The Perfect Storm

 

At 6:30am last Monday morning, at the peak of the St Jude Storm, I was strapped into a seat on a plane taxiing into an 80 mph headwind.  With no fuss whatsoever it accelerated down the runway and took off.  After a couple of mildly anxious minutes we were above the storm and enjoying early morning sunshine over breakfast.  The moral here is not “fortune favours the brave”.  It is “keep calm and trust the expert”.  Actually the plane was able to take off and get above the surface weather more easily and quickly than normal precisely because there was a 80mph headwind.

The storm blew over quickly and left many people pouring scorn on what they perceived was an overreaction.  I can tell you that driving to Gatwick at 4:45 in the morning was no laughing matter.

So, is there a perfect storm brewing in the housing market with a combination of Help to Buy, eased lending criteria added to undersupply and pent-up demand? What do the experts say? And should we trust them?

The latest report on the property market in England and Wales from the Land Registry shows house prices have gone up by 3.4 per cent in the year to September. However, the really important statistic is that house price inflation is accelerating – prices have gone up by 1.5 per cent in the last month.  This means that the price of the average house jumped almost £2,500 in September. But while this level of increase suggests a bubble emerging, property transactions remain a third down on the levels seen in 2007 before the financial crisis hit.

Dr Howard Archer, chief European and UK economist at consultancy IHS, says: “It is vitally important for economic stability and longer-term growth prospects that a new housing price bubble does not emerge. And there is a mounting danger that house prices could really take off over the coming months, especially if already significantly improving housing market activity and rising buyer interest is lifted appreciably further by the Help to Buy mortgage guarantee scheme which will take full effect in January.”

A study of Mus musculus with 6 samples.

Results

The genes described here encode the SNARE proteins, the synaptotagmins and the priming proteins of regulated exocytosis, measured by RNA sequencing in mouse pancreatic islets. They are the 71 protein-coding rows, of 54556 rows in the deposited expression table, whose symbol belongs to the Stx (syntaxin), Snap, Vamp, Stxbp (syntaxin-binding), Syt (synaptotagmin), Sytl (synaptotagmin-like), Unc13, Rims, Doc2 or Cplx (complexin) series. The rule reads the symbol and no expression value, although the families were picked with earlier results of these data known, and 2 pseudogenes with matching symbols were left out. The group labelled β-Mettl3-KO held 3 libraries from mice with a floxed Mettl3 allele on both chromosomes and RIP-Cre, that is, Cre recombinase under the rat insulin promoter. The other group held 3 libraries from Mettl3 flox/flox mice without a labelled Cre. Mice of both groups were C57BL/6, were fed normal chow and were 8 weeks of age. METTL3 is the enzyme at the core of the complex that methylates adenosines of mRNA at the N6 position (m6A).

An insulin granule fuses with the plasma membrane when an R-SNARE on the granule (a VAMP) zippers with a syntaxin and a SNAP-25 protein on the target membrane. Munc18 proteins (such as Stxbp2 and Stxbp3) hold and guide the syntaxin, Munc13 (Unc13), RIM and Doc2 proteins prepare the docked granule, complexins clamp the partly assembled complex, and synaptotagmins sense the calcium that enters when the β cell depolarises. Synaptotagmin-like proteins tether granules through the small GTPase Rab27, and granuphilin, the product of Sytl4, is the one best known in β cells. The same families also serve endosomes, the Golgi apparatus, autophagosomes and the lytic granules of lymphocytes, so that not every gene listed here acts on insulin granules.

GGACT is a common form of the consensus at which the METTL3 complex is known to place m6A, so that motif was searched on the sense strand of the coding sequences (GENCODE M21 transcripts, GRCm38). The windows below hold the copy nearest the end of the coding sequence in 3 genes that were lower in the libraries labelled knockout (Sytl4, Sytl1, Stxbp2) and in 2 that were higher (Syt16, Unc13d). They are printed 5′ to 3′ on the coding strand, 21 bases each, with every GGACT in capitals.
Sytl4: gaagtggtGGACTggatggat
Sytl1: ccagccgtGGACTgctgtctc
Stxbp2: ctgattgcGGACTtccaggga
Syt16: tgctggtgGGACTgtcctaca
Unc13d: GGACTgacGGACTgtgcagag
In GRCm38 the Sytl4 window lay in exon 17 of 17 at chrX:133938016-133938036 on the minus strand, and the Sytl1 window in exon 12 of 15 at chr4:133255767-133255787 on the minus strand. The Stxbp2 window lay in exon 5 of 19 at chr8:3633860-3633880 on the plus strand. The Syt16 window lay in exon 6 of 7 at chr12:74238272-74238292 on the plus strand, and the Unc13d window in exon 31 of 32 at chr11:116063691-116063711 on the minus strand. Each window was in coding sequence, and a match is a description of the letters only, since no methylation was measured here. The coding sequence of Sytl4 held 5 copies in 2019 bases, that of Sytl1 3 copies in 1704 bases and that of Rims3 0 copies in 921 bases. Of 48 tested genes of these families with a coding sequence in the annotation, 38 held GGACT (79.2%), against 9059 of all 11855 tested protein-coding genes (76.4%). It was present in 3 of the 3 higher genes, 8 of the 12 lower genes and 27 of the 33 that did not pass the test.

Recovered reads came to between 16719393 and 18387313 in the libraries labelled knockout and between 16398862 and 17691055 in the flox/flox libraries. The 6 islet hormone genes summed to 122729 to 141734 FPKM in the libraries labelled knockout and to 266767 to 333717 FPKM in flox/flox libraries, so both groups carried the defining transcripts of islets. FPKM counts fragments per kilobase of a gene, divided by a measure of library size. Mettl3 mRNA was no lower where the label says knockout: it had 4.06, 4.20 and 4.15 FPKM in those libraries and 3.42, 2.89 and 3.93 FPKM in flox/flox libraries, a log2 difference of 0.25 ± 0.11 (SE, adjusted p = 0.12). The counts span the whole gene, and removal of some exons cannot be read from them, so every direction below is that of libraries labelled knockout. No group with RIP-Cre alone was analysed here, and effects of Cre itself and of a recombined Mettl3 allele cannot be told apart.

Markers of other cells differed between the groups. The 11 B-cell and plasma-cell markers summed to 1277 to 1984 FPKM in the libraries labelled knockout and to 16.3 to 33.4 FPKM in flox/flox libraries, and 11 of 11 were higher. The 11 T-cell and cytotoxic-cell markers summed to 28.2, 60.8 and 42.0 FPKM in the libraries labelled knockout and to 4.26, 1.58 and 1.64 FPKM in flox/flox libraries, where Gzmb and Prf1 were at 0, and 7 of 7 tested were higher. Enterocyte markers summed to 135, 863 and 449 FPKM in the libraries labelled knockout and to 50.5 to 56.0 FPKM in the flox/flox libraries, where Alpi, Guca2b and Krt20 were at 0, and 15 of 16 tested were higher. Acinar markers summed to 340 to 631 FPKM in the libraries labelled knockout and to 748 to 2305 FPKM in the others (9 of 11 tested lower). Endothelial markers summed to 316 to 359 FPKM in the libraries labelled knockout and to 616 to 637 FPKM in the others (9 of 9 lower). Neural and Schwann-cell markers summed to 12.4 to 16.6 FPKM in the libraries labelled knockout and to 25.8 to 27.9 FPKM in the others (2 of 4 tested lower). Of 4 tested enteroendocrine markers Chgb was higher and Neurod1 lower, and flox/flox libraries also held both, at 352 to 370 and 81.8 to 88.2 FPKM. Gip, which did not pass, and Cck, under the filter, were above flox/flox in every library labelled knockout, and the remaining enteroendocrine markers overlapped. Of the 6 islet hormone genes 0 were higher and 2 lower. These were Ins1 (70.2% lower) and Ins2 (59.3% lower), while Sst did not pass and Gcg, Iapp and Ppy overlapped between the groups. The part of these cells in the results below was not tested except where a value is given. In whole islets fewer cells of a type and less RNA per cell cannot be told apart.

“It is therefore of vital importance that policymakers closely monitor the situation and are prepared to act quickly and decisively if signs of the housing market overheating become increasingly widespread and pronounced.”

However, Peter Spencer, chief economic advisor to the Ernst and Young ITEM Club does not share these concerns: “The Government’s efforts to revive the mortgage market have been well-timed and targeted, and will benefit most regions in England.”

“Despite the recent criticism of these initiatives, the chances of seeing another housing market bubble are extremely slim. House prices and transactions are only just recovering from the credit crunch and will be paltry in comparison to those of a decade ago. Household finances are also in much better shape, with debt to income ratios now at sustainable levels.

David Newnes, director of LSL Property Services, said  “More mortgages are being approved and waves of first time buyers are returning to the market, meaning there’s certainly cause for renewed optimism and confidence.”

“Help to Buy and more lending at higher LTVs (the loan expressed as a proportion of the value) have provided a vital boost and this is giving a helping hand for those who have been struggling to step up onto the property ladder. But this is still a tall order for those still trying to save for a deposit and the increases in demand must be matched with greater supply to maintain a healthy property market in the long term. And for this we need more new homes to be built.”